Officer Shortage Impacting Smaller Police Departments Too

It is getting harder to find qualified candidates to join police departments across North Texas.

The lack of manpower is causing some big problems at smaller departments.

Earlier this week officers in the Irving Police Department's narcotics and vice divisions were reassigned and the full-time tactical team was changed to part-time to deal with staffing changes.

The DeSoto Police Department notified DeSoto ISD that it was considering putting several school resource officers back on their beat to handle its shortage of officers.

Sergeant Jimmy Holley, president of the Richardson Police Officers association said the tough decision illustrate what law enforcement agencies across the country are going through.

"It doesn't take a whole lot to mess with your manpower," he said. "Police departments, big or small, the choices are always going to be 911 calls. They have to be answered. Patrol is going to win out on those tough decisions every time."

Law enforcement experts said the ability to handle the vacancies on a day-to day basis can be more difficult for smaller departments.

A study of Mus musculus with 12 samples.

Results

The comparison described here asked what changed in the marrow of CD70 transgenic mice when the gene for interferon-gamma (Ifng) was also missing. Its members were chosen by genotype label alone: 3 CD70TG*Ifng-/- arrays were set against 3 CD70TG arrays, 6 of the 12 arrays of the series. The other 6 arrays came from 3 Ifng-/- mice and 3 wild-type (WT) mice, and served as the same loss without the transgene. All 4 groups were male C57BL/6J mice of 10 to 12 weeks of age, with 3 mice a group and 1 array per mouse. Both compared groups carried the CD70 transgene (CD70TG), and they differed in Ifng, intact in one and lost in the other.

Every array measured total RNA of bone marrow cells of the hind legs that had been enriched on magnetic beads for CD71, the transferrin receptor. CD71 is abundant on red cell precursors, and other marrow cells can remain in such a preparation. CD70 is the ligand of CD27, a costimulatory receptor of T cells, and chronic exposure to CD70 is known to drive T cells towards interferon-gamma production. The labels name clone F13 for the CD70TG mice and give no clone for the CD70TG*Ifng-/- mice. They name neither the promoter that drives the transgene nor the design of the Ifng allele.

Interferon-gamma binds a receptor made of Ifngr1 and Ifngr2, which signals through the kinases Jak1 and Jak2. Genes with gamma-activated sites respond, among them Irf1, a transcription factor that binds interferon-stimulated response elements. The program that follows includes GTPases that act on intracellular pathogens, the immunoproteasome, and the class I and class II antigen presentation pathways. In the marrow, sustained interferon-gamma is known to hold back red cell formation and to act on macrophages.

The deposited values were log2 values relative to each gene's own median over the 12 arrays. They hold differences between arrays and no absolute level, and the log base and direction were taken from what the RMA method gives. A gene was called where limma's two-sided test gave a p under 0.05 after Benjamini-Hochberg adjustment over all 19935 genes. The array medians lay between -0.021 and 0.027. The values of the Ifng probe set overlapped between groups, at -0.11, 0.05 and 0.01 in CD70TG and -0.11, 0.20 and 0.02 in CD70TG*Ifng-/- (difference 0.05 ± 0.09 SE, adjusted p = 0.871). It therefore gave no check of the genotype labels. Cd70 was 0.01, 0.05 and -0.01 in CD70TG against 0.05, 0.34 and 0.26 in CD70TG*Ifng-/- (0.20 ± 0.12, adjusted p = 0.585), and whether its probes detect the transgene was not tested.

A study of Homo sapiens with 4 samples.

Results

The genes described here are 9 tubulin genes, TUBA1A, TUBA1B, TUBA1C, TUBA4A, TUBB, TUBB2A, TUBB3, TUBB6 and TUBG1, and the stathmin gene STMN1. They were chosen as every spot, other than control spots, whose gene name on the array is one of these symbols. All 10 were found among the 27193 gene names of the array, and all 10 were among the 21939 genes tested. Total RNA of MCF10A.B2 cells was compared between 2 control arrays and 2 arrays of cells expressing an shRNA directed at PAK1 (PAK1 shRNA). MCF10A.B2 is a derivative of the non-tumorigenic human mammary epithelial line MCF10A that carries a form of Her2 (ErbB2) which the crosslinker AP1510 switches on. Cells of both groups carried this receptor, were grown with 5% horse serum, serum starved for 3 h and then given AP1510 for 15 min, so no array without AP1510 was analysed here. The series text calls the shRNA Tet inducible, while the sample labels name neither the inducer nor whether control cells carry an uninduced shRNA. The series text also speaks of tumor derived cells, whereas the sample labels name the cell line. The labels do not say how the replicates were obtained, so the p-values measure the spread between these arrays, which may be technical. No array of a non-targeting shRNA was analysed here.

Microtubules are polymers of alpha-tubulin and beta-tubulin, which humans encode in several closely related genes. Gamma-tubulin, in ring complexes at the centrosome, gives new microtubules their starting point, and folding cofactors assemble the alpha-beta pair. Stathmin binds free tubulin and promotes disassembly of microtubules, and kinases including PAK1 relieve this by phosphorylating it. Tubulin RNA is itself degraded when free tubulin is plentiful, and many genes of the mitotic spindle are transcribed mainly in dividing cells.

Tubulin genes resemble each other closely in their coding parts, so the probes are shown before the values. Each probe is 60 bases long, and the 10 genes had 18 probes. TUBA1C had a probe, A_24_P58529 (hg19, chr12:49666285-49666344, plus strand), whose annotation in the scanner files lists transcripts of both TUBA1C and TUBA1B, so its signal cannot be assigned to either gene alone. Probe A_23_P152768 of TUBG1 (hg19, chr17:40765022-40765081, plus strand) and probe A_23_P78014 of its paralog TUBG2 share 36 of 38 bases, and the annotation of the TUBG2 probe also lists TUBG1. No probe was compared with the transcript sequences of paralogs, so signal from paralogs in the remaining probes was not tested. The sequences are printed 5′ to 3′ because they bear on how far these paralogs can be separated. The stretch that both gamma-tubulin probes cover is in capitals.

"It's not that smaller departments are facing any more of a shortage than larger ones per se, it is that they are hurt much more by missing two or three officers versus the larger departments that can easily absorb those missing spots ," said Mitch Slaymaker, deputy executive director of the Texas Municipal Police Association.

Unlike their neighbors in Duncanville and DeSoto, the Cedar Hill Police Department has been able to buck the trend of low recruitment.

"Over the past three years, one of our best recruiting tools has been word of mouth - having officers that work here reach out to their friends and people they know in other agencies or people they know have an interest in law enforcement and telling them about the department," said Lieutenant Colin Chenault.

"We've really done a good job of that over the last three years to the point that we credit that with us not reflecting the same sort of shortages that we see in other agencies."

At a time when larger cities are offering thousands of dollars in incentives to new recruits, some smaller cities cannot afford to spend that kind of money.

Slaymaker said fixing the problem requires expanding the pool of qualified candidates.

Many departments are hesitant to lower their standards to help potential recruits make it through the application and training process.

"Many things would need to be fixed before we again see a robust candidate pool, but we at TMPA, again, warn that if we don't start immediately it is only going to get much worse."